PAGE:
During the reign of Queen Victoria and as today Kilkee was the place to holiday for many Limerick families. One of those families from Limerick who stayed in Kilkee was the Eagars. Their daughter Margaretta Eagar, became the nanny to the children of the last Tsar of Russia. During her time with the Russian royal family she would meet with royalty from all over the world. Though, for Margaretta this was not her first time meeting with royalty as she writes in her autobiography ‘Six Years in the Russian Court’ about her interaction with members of royal families in Kilkee.
The first of these was the Crown Prince of Siam Maha Vajiravudh (1880-1925). The Prince was educated in England in the 1890s, here he attended the Royal Military College, Sandhurst and later Christ Church, Oxford. While on holidays from school he and a few of his classmates planned a trip to Kilkee. During the late Victorian period Kilkee was the place to visit as it was a newly established bustling seaside resort.
On their arrival, the young students became involved in an event that was being held to raise funds for the poor. Margaretta was one of those involved in this event which involved a tableau and musical accompaniment. The Prince wanted to play his part but was offered excuse after excuse until he finally snapped and exclaimed “I know why you will not have me. It is because I am an Eastern. Well, I’ll make a tableau all for myself.”
With that he set off in search for the items he required for his own scene. He “re-appeared with an armful of curtains, table-cloths, etc. Throwing these down in a corner of the hall, he went out again, and presently returned with all the false jewellery the village shops could supply, and announced that he intended to personate the Queen of Sheba when she had seen Solomon’s magnificence.” Soon he had dressed the platform to represent an Eastern interior, and, draping himself in a shawl and sat crossed legged in the middle of the stage.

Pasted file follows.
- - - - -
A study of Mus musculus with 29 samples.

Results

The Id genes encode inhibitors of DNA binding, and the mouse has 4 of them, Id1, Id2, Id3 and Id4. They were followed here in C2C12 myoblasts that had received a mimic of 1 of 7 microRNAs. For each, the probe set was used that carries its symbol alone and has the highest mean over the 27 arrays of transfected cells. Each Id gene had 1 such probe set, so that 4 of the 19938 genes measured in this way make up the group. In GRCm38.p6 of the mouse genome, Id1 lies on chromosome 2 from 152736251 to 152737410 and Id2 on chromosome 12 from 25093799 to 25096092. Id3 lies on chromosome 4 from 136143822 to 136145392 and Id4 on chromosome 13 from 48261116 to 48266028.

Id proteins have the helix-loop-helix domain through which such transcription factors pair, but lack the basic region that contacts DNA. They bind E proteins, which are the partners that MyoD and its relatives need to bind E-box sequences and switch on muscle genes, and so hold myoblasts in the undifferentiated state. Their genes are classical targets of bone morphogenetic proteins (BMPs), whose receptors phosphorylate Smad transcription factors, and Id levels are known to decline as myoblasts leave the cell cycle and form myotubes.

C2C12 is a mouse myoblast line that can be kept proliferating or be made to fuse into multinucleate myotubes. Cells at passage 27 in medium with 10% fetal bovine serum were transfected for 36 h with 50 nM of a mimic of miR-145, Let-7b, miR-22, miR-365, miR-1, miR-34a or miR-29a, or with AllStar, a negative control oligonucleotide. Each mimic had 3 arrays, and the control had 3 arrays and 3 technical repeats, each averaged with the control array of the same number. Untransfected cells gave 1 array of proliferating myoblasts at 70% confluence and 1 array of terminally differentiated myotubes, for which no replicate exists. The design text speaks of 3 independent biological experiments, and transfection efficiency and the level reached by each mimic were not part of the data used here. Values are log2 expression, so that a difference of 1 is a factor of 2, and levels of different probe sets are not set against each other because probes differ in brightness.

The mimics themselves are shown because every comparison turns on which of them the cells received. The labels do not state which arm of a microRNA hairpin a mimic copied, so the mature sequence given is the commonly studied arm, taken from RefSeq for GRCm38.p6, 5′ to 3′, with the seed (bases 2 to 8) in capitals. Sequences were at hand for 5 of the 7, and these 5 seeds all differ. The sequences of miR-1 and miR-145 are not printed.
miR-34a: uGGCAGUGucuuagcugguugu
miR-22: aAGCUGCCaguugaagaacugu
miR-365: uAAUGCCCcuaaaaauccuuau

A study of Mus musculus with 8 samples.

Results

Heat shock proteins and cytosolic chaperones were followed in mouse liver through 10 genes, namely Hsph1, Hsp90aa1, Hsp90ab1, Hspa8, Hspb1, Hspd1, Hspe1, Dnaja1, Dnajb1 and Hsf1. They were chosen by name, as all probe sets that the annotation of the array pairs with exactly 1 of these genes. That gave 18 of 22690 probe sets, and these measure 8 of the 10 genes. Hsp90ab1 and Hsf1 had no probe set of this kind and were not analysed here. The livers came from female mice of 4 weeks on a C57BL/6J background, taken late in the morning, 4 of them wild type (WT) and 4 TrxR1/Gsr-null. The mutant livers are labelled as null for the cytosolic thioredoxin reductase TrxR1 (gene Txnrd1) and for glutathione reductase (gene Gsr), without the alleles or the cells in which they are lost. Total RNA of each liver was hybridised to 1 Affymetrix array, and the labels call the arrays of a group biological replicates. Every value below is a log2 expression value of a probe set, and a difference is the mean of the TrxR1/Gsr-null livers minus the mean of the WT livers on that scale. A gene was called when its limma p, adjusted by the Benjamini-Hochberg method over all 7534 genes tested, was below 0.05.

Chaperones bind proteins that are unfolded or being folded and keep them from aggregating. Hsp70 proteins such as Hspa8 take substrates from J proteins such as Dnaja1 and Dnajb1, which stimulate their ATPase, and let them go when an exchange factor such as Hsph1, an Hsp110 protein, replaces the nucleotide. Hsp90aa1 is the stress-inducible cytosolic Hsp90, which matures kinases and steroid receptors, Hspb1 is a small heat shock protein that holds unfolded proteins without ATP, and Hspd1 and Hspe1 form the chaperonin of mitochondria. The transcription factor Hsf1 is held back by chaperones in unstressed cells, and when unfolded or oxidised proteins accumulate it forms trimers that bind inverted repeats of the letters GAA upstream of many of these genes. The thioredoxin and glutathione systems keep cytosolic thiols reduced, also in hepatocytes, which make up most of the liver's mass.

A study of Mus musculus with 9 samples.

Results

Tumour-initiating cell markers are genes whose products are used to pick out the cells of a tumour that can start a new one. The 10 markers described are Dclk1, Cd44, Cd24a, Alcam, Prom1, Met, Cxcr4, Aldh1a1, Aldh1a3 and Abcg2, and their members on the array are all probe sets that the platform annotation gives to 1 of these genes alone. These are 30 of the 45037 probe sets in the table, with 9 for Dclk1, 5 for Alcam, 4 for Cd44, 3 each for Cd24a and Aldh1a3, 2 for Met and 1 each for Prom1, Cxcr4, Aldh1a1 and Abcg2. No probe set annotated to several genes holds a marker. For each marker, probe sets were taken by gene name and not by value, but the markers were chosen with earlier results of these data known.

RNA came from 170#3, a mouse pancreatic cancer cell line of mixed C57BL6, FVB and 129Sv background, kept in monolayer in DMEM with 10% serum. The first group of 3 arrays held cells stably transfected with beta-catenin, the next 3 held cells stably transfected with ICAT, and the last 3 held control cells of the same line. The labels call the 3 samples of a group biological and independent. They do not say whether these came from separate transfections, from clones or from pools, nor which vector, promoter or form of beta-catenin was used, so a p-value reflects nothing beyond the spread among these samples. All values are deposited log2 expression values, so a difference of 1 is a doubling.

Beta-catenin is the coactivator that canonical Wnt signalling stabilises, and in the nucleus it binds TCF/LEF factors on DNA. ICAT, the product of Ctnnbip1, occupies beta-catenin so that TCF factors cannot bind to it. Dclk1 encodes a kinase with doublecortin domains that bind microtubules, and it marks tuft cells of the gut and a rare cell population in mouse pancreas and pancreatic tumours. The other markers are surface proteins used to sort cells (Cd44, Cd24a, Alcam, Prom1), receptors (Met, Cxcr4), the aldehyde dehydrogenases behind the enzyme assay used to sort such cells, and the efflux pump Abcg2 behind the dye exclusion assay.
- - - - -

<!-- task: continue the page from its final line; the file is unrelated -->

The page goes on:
On the evening of the event his was proclaimed the finest tableau as it was so out of the ordinary for Kilkee. When Margaretta met him again in Russia a few years later he was wearing a Russian uniform, and she stated that he “looked about him with the same bright, interested expression he had worn in Ireland. Naturally he did not recognise me”.
Margaretta also met Prince Louis of Battenberg (1854-1921) the grandson in law of Queen Victoria while working for the Russian royal family. She took the opportunity to ask him the truth behind a story she heard while in Kilkee during his visit some years before.